That was 14 years ago. Her granddaughter is now a sophomore at Northeast Wisconsin Technical College, and the other grandkids have also moved beyond first grade.
“I enjoyed it so, I just kept going through the years,” Ploor said.
Back in the beginning, she and husband Dan had just given up dairy farming. Their 45 cows, a “small operation,” she said, had nevertheless supported their family, but it became too labor intensive as the couple grew older and their seven children left home. So, they sold the cows, bought Holstein steers — and Ploor found herself with a less crowded schedule. Reading Buddy came at just the right time. The Ploors retired from farming entirely in 2005.
The Reading Buddy program at St. John Bosco is one hour every Thursday morning. It begins with the students reading a book to their buddy, and then the buddy reads one to them. After that, they work together on a craft project.
Ploor said she finds things a bit different from when she raised her own kids.
“Kids have everything today,” she said. “Being brought up on a farm, we did what we could for them, but they didn’t have the computers, iPods, cell phones and what not.”
“This year, my two really listen to the stories, and they look closely at the pictures and point out fun details,” Ploor said.
The crafts are something Ploor herself didn’t get into until her own kids were grown because life on a farm meant little spare time. Now that she’s discovered crafts, however, she helps her teacher-daughter find things the students might enjoy. Sometimes, along with friend and fellow Reading Buddy Nancy Writt, Ploor returns to the classroom for special projects where the teacher needs helping hands.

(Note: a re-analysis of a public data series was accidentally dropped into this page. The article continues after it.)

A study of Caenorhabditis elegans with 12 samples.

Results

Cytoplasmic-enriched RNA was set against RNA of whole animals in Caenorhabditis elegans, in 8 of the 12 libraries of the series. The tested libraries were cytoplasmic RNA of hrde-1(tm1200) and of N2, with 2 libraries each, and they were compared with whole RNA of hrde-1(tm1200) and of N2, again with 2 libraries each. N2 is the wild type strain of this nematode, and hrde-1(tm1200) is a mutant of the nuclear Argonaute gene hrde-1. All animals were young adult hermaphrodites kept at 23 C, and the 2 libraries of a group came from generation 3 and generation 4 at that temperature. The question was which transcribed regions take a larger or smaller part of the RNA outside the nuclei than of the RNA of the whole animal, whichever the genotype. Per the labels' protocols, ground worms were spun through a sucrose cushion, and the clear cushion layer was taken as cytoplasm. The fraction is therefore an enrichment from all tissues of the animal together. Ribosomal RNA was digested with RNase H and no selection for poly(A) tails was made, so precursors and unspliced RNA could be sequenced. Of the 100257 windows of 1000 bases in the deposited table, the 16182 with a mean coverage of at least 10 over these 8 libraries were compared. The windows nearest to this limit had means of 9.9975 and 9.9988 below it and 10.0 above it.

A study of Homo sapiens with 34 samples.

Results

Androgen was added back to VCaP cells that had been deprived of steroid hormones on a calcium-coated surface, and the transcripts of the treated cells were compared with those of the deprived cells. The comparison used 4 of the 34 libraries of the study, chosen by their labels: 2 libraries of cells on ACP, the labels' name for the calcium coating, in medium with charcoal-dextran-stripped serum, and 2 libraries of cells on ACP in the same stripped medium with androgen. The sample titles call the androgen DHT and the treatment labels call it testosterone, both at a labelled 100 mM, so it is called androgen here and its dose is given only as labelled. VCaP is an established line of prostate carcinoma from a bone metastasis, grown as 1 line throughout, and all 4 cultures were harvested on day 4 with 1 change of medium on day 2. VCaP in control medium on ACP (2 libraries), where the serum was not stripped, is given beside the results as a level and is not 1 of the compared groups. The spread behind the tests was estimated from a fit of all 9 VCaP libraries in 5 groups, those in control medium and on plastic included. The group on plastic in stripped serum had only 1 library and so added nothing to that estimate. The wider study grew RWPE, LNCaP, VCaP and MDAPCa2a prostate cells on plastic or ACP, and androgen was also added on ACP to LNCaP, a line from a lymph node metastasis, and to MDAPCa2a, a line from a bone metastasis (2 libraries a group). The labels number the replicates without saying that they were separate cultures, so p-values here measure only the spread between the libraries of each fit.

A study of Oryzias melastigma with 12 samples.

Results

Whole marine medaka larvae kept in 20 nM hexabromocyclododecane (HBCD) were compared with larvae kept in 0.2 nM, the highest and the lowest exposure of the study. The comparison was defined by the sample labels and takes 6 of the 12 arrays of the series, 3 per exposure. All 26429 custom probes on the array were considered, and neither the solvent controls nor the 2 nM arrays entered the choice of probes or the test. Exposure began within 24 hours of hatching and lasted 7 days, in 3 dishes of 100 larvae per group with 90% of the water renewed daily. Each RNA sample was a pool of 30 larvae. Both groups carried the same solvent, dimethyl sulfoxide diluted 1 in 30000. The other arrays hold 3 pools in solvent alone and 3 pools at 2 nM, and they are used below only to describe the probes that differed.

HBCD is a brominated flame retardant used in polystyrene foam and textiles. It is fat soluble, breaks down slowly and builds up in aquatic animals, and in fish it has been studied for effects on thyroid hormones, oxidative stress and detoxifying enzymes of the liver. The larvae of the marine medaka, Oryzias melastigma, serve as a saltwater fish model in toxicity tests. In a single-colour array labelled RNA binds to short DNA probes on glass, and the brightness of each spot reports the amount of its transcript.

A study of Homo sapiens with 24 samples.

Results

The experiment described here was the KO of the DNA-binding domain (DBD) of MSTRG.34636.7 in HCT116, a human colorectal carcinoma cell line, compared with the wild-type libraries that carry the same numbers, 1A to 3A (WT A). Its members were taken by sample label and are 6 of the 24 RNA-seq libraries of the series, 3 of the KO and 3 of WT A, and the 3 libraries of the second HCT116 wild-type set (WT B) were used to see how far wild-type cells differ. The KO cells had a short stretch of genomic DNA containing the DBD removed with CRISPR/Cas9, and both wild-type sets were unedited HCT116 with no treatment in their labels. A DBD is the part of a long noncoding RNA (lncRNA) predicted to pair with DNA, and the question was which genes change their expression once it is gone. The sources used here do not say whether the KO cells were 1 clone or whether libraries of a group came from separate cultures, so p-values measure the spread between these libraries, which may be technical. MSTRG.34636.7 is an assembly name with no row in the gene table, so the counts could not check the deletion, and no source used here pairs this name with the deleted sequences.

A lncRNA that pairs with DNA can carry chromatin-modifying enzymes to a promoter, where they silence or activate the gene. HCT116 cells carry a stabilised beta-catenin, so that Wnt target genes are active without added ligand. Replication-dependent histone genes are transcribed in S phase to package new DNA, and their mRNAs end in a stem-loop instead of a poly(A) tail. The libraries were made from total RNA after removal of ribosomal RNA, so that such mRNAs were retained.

“Sometimes I bring treats for the teachers, because baking is a passion of mine,” Ploor said. “Last week, I made them a cheesecake.”
Still, it’s the first graders who bring Ploor back to the classroom year after year. When she and her husband had some health problems, her little students prayed for her. She in turn prays for all of them, and watches them as they get older and perform in band or choir concerts, sports games, or receive the sacraments. She remembers all of them, at least by first name. She mentored three more of her grandchildren as a Reading Buddy, but now that they’re all older, she’s content to spend time with other people’s kids and grandkids.
“It’s a simple thing to do if you like kids, and you like to see them grow in their reading skills. It’s amazing to see the changes that nine months bring. It’s rewarding to know that I might have helped them enjoy reading a little more.”
Ploor hangs her students’ Christmas and Easter cards and Valentine cards on her refrigerator, just like she once did for her own children. It makes her feel younger, she said, and she has no intention of giving up this favorite volunteer job.
“I’ll be back every year until I can’t do it anymore.”